Les Murray: A Memory

My blog today will be brief, because I’m recovering from a lengthy house move (including shifting many tonnes of printed matter). And because I’ve moved house, I’ve been starved of the internet now for a week or so, so I missed the sad annoucement of Australian poet Les Murray‘s death at age 80. I’ve no interest here in passing judgment on his skills as a poet or even mentioning his oeuvre, but I do want to share with you one little memory of the only time I bumped into him.

It must have been summer 2006 or 2007, not sure which, and I was an undergraduate English student at Stirling University. The English department had some extremely strong links to towering literary names like Chinua Achebe, Seamus Heaney, Adrienne Rich and Les Murray through friendships with faculty members like Professors Angela Smith, Rory Watson and Alasdair Macrae. I was friendly with all three of these professors, although by the time I was at the university, Macrae had retired. So it was either Rory Watson or Angela Smith who encouraged me to go along and see Les Murray (on one of his many UK tours) read in one of the lesser lecture rooms of the Pathfoot building.

It’s strange that I was given at least two opportunities while at Stirling to hear Famous Seamus Heaney read there, and I let both of them pass me by (much to my regret). But I felt almost possessed to go and hear Les Murray. This is additionally strange because I had no idea what he looked like (remember, this was just before the internet really became the most ubiquitous force on earth) and I’d maybe only read a dozen or so of his poems. On the day of Murray’s reading I was late getting there and I dashed to the venue. Before going in I realised that I had to go to the loo first, so I ran into the nearest toilet. Throwing the door open I almost instantly collided with what seemed like a bouncy castle clad in a stripey jumper. As I went ricochetting backwards, I felt too embarrassed to look the large gentleman I’d just bumped into in the eye and muttered my flurry of apologies while staggering to the nearest urinal.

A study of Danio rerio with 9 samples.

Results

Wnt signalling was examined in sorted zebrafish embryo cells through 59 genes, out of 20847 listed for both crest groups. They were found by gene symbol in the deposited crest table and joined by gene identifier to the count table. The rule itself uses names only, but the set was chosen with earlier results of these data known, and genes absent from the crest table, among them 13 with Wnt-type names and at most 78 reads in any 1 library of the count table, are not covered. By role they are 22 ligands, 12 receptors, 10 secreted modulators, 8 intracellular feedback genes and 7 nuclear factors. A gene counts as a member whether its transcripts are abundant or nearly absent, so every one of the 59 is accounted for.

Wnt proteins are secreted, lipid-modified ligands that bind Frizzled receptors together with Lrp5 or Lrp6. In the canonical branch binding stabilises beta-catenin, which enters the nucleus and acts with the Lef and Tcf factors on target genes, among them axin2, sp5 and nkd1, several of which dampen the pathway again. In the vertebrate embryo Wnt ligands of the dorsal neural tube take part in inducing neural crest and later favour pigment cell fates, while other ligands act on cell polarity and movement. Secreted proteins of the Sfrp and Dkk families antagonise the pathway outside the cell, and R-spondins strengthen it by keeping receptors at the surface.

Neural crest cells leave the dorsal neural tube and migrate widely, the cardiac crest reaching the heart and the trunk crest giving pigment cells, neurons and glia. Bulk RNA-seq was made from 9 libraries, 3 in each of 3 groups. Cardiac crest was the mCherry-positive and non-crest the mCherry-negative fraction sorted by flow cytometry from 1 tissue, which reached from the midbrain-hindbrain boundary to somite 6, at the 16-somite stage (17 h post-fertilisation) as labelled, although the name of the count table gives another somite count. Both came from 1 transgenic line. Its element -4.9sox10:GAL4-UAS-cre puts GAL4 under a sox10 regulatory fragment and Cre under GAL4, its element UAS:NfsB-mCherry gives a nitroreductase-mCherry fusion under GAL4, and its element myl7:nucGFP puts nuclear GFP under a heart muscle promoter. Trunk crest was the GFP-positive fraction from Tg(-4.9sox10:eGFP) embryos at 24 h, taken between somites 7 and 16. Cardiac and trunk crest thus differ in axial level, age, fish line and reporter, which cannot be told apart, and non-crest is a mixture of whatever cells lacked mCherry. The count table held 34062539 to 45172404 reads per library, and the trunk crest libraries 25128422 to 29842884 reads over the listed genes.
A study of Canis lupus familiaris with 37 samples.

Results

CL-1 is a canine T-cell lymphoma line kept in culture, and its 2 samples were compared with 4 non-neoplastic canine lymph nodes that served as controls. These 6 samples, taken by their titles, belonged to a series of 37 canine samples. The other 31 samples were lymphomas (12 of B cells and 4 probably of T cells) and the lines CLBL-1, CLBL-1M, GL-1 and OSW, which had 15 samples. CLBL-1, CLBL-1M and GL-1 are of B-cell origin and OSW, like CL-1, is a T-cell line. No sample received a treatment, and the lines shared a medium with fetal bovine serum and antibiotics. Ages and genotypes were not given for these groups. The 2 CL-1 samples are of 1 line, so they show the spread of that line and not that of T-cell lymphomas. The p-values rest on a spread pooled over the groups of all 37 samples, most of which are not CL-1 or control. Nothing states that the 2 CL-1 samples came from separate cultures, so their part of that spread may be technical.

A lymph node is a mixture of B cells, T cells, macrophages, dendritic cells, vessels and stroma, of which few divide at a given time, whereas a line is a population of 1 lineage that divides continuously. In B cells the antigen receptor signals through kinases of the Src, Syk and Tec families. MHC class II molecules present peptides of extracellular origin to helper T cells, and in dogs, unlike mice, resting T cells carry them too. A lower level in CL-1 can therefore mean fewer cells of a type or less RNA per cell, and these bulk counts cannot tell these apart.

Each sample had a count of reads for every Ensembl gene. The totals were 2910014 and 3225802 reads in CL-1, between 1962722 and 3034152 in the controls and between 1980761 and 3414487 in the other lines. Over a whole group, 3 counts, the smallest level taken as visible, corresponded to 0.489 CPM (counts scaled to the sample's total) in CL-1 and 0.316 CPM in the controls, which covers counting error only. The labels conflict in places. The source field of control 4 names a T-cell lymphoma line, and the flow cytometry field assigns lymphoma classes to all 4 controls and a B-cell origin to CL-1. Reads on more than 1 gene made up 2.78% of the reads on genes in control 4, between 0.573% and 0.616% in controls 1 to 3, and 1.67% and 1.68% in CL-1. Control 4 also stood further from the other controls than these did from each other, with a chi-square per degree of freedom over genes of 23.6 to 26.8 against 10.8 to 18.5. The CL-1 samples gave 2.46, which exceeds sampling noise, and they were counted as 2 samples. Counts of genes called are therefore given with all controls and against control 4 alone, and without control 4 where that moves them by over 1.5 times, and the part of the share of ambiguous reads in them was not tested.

After relieving and composing myself, I was ready to go in and take my seat. My fears that there wouldn’t be any left were unfounded – in fact the room didn’t seem full at all (in stark contrast with any reading Heaney ever gave). Luckily as I went in, someone was just beginning to introduce their illustrious guest and speaker, Les Murray. I sat there wondering which person in the room he might be, but then at the very moment he was due to appear, a door opened and out came the very person (who seemed like ‘sprawl’ incarnate) I’d just barged into five minutes beforehand.

I wish I could say that I remembered every poem he read and his entertaining delivery of each one, but I was glowing red with embarrassment the whole time I sat there, the only time I heard Les Murray read in corpore.